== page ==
The Avalon Chanter
Lillian Stewart Carl
Five Star, January 2014
I’ve never been a fan of the supernatural or paranormal novel. Too many times, in my reading experience, the authors allow defiance of corporal laws of physics to surmount plot difficulties or intellectual quandaries to be solved by the convenient appearance of an apparition. That being said, I have no difficulty believing in spirits or strange manifestations and in this novel, author Carl may have converted me.
In the English world there is hardly another set of legends that can match those of the Authurian. Sir Lancelot, King Arthur, Queen Guinevere, and Merlin and Mordred. Add the waves of religious recruitment and conversions. Then add the brooding, unforgiving land, peopled by hardy residents who remain close to the land and all that means.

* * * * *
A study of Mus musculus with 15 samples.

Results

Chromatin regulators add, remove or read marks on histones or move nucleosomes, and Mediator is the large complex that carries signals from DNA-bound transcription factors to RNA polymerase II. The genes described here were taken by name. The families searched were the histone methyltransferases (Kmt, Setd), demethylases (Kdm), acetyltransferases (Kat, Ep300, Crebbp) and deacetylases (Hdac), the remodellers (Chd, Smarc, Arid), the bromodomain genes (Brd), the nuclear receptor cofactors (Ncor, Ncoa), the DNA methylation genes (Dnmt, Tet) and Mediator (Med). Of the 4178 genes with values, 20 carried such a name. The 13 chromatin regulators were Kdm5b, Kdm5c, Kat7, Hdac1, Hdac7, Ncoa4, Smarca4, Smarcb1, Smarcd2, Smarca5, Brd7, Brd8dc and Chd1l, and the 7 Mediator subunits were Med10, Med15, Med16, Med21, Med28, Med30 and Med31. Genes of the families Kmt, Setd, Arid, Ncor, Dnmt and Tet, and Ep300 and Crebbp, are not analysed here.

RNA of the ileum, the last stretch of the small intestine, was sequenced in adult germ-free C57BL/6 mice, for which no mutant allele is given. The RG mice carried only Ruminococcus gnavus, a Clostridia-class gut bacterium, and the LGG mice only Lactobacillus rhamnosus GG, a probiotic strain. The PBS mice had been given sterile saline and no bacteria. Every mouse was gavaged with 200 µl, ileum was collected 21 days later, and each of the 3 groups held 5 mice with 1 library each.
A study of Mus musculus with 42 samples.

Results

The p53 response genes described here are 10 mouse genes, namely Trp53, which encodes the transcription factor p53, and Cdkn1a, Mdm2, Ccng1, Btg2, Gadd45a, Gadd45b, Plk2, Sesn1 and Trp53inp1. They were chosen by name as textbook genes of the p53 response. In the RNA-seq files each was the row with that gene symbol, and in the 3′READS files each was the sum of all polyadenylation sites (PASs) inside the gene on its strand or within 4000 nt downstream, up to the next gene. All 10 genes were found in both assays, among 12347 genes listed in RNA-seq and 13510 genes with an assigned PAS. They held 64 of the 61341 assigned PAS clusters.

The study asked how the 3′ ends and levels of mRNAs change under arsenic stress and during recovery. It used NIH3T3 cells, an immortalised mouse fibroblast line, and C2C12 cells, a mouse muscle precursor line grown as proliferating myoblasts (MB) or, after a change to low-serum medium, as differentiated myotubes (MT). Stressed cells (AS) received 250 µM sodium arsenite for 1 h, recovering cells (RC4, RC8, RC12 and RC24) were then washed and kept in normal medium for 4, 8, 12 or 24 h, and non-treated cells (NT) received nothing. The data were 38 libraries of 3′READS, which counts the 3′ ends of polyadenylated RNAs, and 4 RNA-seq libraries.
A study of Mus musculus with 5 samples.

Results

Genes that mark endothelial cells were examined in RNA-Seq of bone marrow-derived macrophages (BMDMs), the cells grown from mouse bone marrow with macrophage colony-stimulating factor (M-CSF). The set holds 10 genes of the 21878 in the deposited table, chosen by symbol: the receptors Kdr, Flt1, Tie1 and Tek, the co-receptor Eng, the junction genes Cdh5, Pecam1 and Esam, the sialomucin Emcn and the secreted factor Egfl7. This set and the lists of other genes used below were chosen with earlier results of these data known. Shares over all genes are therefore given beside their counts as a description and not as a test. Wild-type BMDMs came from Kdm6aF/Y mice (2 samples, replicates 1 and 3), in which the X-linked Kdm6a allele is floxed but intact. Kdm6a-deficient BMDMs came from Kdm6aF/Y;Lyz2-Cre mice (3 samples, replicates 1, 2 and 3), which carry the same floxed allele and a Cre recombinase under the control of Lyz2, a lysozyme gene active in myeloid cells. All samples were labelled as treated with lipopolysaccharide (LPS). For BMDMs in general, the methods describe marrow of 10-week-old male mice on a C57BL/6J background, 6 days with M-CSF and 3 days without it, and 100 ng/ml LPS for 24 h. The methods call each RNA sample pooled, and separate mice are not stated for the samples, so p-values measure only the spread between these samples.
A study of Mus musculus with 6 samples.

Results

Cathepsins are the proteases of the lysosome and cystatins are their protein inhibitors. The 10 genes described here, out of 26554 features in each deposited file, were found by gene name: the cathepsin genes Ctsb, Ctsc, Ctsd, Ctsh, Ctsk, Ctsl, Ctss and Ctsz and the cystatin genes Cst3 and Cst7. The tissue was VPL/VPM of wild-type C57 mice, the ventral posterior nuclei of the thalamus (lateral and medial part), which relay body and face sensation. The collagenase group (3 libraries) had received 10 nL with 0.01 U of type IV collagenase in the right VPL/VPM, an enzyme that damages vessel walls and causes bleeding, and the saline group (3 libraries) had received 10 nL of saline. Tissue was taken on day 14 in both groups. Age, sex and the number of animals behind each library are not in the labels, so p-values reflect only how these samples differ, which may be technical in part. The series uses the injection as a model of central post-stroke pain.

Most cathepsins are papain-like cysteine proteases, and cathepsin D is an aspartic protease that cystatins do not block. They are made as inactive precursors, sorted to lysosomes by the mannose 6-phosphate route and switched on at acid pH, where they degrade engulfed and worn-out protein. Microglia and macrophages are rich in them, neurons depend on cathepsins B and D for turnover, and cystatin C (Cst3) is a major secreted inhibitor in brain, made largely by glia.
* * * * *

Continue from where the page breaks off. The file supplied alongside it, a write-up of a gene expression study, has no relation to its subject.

To the legendary island of Small Farnaby off the coast of Northumberland comes American writer Jean Fairbairn with her retired Scot policeman, Alasdair Cameron. She is drawn there by a native-born archeologist who is planning to open a tomb in a medieval chapel and thereby prove her contention that the little island could very well be the Avalon of legend and thus solve some of England’s most enduring historical questions. When the tomb is opened, however, mysteries only deepen. Murder, chicanery, deep passions all rise from past to present and Jean Fairbairn’s husband is forced out of retirement to take control of an isolated police investigation.
The novel is beautifully written and whether you believe the ethereal singing of ancient Priory nuns is real or mere wisps from the fog-shrouded sea only enhances the brooding atmosphere of danger that pervades the pages of this novel. The family complications and old passions are complicated and carefully worked out to logical conclusions so that in the end, the resolution to mystery and murder is solidly satisfying. An excellent novel that comes strongly recommended.
Reviewed by Carl Brookins, December 2013.
Author of Red Sky, Devils Island, Hard Cheese, Reunion.